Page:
Manic Monday: Why did the markets fall?
Worries of a prolonged bout of inflation and the possibility of a few quarters of lower growth are catching up with the Indian markets and re-rating Indian equities.
On Friday the world had witnessed a $9 spike in oil prices, triggering a 395-point drop in the Dow Jones Industrial Average index – after that a huge fall on Asian Indian bourses was a foregone conclusion. On Monday the BSE Sensex slipped below the 15,000 mark for the first time since March and the NSE Nifty fell to its lowest point since March 17.
The crude oil’s jump to $139 a barrel on Friday was coupled with announcement of higher unemployment rates in USA that data brought down the Dow Jones index by 395 points in the United States, it was clear it would cast a shadow on Asian and Indian markets Monday morning. The crude prices had jumped $16 per barrel in two days and predictions were there for it to touch $150 per barrel.
“For the first time in four years the market is not able to factor in the level of growth in corporate earnings and also take a view on the earnings estimates for the year 2009-10,” said Amitabh Chakraborty, president of equity at Religare Securities. “A sharp spike in oil prices stepped up fears of uncontrollable high inflation, already at 8 per cent for India and predicted to rise to 9.5-10 per cent, given recent fuel hikes”, said Amar Ambani, vice president – research, India Infoline.
Sensex touched the day’s low of 14,846.18, before recovering to close the day at 15,066.10, restricting the losses to 3.5 per cent. Nilesh Jasani head of equities at Credit Suisse reiterated his year-end target of 13,000 for the Sensex.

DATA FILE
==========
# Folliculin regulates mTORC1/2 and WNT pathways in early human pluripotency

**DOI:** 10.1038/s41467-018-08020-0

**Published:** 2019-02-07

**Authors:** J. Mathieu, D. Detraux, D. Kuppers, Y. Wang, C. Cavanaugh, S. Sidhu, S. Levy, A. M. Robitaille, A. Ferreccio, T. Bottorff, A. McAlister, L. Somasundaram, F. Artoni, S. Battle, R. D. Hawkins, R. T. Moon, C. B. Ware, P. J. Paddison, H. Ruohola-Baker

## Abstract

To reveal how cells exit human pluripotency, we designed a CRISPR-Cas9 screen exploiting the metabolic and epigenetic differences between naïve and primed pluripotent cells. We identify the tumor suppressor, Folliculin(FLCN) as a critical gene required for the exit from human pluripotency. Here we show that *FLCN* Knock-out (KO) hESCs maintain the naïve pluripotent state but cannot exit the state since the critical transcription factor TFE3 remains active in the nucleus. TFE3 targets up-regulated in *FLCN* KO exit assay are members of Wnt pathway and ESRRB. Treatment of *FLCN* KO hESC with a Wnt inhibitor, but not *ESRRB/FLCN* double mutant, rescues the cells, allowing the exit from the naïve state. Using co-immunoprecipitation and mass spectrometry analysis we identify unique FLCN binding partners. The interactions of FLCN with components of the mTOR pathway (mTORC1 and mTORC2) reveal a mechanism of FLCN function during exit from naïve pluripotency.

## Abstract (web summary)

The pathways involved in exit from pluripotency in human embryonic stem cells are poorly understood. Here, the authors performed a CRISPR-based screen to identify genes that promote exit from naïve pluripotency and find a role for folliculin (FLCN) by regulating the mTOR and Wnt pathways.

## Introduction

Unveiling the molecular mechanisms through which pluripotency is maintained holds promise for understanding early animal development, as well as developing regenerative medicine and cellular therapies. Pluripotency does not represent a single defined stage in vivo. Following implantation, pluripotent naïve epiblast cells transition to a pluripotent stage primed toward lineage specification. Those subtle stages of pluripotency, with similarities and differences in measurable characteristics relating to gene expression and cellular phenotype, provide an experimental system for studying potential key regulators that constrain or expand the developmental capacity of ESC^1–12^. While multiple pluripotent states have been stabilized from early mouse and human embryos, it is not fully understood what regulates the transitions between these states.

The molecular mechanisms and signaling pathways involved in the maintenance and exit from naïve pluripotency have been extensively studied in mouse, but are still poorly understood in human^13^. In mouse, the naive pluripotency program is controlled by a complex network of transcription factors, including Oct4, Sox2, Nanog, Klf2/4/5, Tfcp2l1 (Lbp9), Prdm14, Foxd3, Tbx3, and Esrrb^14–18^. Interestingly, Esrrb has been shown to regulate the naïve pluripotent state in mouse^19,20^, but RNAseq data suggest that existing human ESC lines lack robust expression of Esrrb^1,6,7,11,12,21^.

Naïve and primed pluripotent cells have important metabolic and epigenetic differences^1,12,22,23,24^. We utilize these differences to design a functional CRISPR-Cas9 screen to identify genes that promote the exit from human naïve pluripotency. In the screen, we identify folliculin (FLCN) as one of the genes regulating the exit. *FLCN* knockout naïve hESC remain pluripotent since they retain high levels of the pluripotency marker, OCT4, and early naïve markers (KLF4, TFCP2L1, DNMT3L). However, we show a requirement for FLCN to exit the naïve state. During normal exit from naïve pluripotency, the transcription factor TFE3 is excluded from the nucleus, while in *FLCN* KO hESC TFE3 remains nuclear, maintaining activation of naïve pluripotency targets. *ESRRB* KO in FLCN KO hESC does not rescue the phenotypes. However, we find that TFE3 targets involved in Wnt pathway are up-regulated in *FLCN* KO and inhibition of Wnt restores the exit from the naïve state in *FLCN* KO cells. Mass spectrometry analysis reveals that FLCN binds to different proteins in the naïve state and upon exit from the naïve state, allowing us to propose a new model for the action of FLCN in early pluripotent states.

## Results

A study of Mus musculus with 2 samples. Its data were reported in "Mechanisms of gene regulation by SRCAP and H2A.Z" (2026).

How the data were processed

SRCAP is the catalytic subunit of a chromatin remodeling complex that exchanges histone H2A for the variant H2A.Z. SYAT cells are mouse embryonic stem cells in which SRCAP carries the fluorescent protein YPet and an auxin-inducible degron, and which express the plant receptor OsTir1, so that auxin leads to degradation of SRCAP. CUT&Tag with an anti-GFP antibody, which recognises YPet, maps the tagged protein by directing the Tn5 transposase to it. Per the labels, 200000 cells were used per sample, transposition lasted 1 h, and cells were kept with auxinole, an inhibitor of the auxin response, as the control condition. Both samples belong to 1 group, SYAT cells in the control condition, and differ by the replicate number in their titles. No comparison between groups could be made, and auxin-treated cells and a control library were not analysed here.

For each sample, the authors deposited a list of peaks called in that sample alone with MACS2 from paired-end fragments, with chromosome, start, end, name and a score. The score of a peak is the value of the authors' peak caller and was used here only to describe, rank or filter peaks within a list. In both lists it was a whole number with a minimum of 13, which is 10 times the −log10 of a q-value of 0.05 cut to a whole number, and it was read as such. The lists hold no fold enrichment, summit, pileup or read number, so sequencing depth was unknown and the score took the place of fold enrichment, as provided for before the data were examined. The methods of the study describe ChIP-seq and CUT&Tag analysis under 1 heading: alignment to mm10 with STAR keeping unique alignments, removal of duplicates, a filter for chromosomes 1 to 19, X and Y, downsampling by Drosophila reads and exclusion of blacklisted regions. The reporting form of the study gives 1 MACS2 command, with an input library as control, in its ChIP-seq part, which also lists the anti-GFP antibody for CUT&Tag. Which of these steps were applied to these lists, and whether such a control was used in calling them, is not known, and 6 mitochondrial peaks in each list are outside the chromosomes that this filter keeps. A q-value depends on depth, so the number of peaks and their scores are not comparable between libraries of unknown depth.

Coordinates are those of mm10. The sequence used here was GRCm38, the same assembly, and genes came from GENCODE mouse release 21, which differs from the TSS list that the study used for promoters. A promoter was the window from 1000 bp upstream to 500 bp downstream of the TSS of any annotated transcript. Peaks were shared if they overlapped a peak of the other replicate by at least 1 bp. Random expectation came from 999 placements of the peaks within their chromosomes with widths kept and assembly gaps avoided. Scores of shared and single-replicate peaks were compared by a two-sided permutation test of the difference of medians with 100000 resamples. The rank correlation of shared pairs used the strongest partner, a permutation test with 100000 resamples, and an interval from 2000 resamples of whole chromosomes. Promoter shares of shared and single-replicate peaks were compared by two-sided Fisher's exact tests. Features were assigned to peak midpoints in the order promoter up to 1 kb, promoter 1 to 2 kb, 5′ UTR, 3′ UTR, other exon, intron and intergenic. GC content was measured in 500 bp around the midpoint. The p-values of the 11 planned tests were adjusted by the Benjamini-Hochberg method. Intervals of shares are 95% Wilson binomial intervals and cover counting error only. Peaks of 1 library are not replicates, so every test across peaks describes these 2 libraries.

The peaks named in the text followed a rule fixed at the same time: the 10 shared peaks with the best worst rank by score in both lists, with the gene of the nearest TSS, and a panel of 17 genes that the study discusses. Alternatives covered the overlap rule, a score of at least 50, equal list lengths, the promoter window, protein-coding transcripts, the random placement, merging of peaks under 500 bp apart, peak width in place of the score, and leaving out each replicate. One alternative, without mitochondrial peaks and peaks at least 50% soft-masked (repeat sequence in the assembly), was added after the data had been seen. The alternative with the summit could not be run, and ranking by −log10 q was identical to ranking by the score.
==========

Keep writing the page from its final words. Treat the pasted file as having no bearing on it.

The bearish view emerges from the fact that India has to battle several negatives at the same time. High oil prices, increasing inflation leading to higher interest rates, slowdown in earnings growth and being at the wrong end of policy cycle as the country moves towards an election year. “Markets are still not pricing in lower earnings growth. We could be down to flat or single-digit growth in earnings. The global cyclical downturn in itself was bad enough, now we have to contend with record oil prices too,” said Jasani.
As foreign investors bought into Indian stocks based on the growth story, the inability to judge earnings growth had led to selling even by those investors who had stayed invested in the Indian markets for long. The falling markets have also kept retail investors away further adding to liquidity woes.